I have two daughters who work at Starbucks. My daughter Leslie, pictured here, has worn the green apron for over a year and loves her job. She loves the ‘regulars’. She likes the pace. She likes the routine. She likes, well, everything but the coffee (But, that’s beside the point).
She recently switched stores. She was instantly off-balance at the new store. The 2% is on the right side of the refrigerator instead of the left side. Their lids were in a place that slowed down each drink by a few seconds and that bothered her. But, what really bother her was that she didn’t know the people.
This became even more clear to her this past week when she turned took a substitute shift at her old store. The regulars came in, some made special trips just to see her. One stayed after her shift just to catch up. She loves them and they love her back.
She was relaying all this to me, telling me what it was like to go back and she said something we all need to hear. She said, “It was so comfortable to go back to the people I worked with that I knew and love. It was so great to see the ‘regulars’ that were glad to see me. And I guess that’s it,” she continued, “It’s just harder at the new store. I don’t really know my coworkers, though I’m slowly getting comfortable with them. And, I just have to work at reaching out to the ‘regulars’ at the new store. I haven’t been there long enough.”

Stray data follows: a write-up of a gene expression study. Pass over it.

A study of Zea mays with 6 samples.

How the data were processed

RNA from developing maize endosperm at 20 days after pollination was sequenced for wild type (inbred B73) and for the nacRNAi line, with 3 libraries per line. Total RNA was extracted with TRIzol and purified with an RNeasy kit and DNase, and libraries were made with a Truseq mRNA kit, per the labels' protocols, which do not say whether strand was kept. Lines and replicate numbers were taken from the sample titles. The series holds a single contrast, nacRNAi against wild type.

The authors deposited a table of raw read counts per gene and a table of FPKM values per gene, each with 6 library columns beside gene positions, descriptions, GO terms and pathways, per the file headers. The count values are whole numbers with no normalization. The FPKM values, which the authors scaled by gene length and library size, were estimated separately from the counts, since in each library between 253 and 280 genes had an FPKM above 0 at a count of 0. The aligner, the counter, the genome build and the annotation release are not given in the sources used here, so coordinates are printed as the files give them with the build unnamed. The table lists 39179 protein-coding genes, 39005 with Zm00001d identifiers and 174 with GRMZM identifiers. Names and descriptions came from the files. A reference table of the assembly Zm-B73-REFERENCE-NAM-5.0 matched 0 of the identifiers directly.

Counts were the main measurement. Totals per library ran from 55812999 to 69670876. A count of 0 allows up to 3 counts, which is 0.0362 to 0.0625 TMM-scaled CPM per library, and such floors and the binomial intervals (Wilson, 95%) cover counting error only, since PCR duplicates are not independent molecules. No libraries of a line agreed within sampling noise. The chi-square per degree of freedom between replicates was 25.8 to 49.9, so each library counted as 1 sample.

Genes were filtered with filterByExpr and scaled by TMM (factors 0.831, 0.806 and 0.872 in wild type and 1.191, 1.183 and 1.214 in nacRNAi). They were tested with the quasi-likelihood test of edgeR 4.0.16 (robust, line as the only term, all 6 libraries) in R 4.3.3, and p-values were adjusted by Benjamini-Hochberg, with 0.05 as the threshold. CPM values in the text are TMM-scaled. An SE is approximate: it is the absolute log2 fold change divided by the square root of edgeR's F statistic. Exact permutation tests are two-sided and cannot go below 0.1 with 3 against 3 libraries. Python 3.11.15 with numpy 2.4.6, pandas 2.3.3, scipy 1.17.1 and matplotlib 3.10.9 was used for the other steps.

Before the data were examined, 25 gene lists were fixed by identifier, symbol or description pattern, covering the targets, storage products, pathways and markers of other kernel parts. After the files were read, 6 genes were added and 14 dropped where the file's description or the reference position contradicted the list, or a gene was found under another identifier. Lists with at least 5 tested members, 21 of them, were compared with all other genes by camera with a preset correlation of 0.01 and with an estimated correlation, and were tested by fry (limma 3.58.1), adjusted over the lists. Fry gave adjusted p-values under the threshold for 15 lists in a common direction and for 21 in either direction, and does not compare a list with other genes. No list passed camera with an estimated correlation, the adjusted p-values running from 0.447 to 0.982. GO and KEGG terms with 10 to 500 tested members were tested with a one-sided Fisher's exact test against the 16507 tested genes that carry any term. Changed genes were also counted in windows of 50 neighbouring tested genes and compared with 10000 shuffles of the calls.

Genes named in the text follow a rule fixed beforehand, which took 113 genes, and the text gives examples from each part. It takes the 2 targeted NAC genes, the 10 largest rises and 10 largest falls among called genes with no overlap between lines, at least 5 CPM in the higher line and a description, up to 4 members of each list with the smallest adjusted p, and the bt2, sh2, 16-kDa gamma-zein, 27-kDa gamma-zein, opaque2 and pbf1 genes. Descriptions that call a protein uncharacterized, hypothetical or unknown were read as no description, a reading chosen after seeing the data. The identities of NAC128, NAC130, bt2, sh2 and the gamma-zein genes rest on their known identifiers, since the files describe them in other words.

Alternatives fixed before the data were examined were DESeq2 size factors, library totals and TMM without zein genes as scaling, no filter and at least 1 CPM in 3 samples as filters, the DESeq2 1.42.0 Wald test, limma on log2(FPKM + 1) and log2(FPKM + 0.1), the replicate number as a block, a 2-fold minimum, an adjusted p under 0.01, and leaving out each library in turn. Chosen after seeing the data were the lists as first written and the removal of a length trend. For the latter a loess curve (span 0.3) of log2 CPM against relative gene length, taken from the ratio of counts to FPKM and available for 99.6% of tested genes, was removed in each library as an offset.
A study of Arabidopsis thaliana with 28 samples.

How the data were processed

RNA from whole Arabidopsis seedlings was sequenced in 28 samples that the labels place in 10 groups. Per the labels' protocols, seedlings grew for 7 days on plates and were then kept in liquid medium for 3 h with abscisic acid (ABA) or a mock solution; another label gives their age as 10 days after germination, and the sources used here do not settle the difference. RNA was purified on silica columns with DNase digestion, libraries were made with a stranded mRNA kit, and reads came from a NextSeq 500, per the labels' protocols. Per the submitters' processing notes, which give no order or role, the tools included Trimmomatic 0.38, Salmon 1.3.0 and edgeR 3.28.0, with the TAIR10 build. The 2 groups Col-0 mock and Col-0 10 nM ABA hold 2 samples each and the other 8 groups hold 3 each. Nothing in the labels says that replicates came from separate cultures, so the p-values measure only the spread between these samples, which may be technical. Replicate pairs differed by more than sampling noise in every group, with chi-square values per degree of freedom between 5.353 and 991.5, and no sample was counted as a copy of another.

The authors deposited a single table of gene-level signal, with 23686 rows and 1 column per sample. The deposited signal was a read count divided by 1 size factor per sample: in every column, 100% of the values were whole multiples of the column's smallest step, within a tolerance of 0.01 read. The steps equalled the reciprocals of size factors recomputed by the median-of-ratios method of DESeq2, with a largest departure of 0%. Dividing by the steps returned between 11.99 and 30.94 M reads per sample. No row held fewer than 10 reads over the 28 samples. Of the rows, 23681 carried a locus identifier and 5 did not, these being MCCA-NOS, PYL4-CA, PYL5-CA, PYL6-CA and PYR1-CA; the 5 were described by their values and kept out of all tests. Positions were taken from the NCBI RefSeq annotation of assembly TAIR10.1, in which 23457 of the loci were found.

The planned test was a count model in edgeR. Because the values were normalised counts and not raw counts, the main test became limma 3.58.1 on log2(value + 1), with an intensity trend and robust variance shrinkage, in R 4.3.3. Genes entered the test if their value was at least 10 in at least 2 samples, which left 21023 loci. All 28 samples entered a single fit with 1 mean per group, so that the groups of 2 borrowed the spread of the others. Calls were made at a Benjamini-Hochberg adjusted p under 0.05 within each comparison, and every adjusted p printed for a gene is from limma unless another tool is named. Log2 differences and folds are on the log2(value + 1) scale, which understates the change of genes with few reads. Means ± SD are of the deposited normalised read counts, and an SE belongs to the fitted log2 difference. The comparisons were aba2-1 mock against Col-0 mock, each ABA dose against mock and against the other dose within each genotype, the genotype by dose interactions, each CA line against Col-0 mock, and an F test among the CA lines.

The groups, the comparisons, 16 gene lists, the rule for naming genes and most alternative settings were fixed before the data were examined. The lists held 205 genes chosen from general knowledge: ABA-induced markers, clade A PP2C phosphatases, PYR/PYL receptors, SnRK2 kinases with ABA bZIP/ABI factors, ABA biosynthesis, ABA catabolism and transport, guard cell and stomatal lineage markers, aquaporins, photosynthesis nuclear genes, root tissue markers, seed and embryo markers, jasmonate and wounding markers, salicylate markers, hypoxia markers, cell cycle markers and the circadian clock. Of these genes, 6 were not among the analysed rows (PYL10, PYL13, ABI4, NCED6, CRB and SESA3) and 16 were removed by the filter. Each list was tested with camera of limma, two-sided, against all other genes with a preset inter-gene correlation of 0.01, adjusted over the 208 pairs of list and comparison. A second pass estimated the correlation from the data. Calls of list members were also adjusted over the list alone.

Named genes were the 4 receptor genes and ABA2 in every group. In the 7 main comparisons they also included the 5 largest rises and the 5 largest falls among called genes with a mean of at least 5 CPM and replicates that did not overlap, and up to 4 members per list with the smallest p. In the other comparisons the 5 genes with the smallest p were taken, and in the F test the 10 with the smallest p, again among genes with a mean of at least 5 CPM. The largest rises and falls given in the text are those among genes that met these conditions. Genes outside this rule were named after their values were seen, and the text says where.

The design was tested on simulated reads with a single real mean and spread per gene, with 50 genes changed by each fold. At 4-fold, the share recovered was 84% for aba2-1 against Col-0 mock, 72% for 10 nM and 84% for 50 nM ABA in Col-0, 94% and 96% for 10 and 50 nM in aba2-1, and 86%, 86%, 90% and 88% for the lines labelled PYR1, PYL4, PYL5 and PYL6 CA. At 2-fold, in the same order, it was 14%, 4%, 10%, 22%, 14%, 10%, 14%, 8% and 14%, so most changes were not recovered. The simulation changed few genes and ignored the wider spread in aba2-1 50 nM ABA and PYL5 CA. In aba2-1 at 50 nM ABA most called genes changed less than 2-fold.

I hadn’t seen anyone make that kind of effort in a long time. So, her words rang true — it IS hard work to get to know new people. And, that’s why we don’t.
That’s why a small group wants to stay together for seven years and no one can make their way in. The work is harder than either the group or the new person wants to admit. That’s why neighbors don’t know who lives down the street. That’s why people are scared to death when they head to church for the first time. That’s why people will come to a class on evangelism, but don’t really want to use what they learn.
It is HARD work to love people. Just ask Jesus.